Gardeners lose the plot as summer weather leads to mildew attack

Alert from Royal Horticultural Society over disease which could damage or kill fruit and veg

Environment Editor


Gardeners are being warned to be extra vigilant after the summer weather created a boom in powdery mildews that destroy fruit and vegetables.

The fungal disease kills and maims apples, blackcurrants, gooseberries, grapes, courgettes, marrows, cucumbers, peas, roses, honeysuckle, rhododendrons and azaleas. It also causes problems for farmers because it attacks sugar beet and barley.

“This is a bumper year for powdery mildews – we’ve had a dry summer, with a bit of wetness and then dry again,” said Guy Barter of the Royal Horticultural Society.

“These can kill but usually debilitate and weaken the plants. In vegetables this can reduce the size and total amount of produce and in fruit it kills off some of the shoots and can damage the plants.”

There have already been widespread cases of mildew in gardens and allotments but these are likely to increase as the mildew season peaks around now, said Mr Barter. And Britain’s forests are also suffering. “The warm wet summer seems to have produced a really prolific yield of oak mildew in the past month to six weeks,” said National Trust wildlife expert Matthew Oates.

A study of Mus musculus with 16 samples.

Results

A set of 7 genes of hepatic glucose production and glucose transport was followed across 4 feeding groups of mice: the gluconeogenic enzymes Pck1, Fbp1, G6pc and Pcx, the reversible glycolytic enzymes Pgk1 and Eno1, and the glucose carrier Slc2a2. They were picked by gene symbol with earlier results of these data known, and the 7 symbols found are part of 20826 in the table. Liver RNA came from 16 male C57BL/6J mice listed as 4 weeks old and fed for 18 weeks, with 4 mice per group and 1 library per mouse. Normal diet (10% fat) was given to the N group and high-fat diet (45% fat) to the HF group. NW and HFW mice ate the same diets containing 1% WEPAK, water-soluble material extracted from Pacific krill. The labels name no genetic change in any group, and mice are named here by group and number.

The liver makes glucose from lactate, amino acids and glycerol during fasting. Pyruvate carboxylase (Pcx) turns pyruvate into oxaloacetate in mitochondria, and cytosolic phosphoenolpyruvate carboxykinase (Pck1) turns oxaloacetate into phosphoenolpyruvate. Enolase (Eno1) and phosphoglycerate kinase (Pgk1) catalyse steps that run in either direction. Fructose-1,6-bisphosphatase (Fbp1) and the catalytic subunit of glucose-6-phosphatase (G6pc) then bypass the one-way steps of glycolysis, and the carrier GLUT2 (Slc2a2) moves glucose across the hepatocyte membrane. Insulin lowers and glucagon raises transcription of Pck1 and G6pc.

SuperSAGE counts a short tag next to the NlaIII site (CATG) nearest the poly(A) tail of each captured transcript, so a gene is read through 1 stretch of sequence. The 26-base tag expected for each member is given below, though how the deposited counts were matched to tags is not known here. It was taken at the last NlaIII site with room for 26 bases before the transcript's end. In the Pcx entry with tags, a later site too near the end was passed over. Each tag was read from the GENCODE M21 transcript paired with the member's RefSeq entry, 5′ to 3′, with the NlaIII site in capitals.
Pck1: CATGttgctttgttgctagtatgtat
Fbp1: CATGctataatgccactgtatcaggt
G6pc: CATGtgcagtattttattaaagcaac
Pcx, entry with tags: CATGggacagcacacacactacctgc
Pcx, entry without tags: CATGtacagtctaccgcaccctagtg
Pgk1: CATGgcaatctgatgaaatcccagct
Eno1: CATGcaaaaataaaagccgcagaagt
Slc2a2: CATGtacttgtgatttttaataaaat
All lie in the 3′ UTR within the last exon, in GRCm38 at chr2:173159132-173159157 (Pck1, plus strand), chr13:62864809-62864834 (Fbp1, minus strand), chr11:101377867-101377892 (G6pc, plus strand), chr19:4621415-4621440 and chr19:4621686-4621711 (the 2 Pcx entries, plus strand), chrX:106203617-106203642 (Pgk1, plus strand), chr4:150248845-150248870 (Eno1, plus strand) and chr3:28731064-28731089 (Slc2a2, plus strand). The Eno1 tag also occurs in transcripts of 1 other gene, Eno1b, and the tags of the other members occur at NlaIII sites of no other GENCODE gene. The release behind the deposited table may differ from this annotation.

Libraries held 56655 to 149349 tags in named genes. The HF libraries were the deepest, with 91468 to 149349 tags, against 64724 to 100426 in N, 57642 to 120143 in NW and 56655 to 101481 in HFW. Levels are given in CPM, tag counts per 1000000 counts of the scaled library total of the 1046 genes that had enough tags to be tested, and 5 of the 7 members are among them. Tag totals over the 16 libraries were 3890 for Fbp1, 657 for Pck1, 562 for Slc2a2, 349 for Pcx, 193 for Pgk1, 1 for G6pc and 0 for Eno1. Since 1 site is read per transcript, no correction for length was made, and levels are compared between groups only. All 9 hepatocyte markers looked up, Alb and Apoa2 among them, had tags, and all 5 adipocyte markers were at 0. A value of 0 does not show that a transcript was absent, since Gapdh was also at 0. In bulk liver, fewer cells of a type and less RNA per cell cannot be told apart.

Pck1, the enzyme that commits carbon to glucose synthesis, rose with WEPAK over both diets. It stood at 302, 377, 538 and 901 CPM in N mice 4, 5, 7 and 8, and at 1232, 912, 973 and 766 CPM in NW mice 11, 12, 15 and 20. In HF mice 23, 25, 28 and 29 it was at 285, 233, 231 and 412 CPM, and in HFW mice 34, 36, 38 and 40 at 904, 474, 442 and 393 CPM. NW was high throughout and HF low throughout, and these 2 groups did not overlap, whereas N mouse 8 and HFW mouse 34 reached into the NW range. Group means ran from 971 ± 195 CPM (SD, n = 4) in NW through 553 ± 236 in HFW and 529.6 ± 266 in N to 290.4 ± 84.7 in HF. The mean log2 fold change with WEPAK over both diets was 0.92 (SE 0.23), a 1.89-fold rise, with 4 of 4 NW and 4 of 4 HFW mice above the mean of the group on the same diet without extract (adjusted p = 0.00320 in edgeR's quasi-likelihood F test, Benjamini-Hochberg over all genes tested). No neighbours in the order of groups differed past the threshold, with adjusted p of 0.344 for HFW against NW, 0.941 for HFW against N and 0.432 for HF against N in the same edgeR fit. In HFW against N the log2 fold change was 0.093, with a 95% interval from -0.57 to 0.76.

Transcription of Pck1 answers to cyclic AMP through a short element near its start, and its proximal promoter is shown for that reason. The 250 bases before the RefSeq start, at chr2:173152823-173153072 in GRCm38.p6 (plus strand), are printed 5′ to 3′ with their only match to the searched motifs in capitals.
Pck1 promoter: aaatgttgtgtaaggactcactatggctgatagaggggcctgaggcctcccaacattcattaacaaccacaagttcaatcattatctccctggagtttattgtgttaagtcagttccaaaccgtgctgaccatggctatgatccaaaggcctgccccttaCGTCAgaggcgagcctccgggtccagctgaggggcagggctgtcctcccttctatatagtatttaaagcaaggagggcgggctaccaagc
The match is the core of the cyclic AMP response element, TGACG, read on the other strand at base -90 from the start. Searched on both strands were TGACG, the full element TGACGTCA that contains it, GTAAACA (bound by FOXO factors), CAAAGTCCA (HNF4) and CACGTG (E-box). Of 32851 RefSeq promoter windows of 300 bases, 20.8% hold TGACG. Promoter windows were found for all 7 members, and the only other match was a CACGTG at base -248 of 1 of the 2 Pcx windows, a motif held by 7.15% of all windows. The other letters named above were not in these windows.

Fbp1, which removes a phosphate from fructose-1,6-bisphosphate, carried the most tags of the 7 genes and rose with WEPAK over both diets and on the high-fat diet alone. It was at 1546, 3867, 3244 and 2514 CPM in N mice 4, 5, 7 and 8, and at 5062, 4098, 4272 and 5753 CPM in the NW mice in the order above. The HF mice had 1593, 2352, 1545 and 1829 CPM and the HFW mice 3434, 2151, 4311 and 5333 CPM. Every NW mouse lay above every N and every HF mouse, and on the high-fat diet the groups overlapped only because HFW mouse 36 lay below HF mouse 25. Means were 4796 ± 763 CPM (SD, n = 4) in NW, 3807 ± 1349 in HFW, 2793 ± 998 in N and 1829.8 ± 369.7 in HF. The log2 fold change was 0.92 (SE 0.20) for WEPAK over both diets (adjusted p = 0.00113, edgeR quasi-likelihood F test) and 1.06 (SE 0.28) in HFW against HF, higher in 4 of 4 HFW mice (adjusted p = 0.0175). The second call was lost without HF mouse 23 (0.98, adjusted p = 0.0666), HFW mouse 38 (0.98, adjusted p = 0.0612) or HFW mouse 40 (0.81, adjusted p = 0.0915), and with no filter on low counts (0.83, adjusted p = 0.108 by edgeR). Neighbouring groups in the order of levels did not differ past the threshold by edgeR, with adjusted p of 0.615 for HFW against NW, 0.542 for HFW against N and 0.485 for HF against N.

Gardeners should spring into action at the first sign of white mildew on the leaves, stems, flowers or fruit of a plant, Mr Barter advises.

There are no approved fungicides for gardeners to use on vegetables although there are for fruit and flowers, but it is best to ask at the local garden centre to identify the most suitable, experts advise.

There are approved fungicides for farm crops and farmers typically spray at “first sight”, so the main problem posed to mainstream agriculture by mildew is the high cost of the chemicals – although organic farmers suffer along with gardeners.

Gardeners can take steps to minimise the risk of attracting powdery mildew and slowing its spread.

Watering the plants regularly makes them stronger and so builds up their resistance to disease of all kinds. Removing infected leaves helps slow the spread, while gardeners should also avoid using too much nitrogen fertiliser because this promotes the soft leafy growth on which garden pests thrive.

Gardeners should also look to thin out growth where possible to increase the airflow or to plant further apart.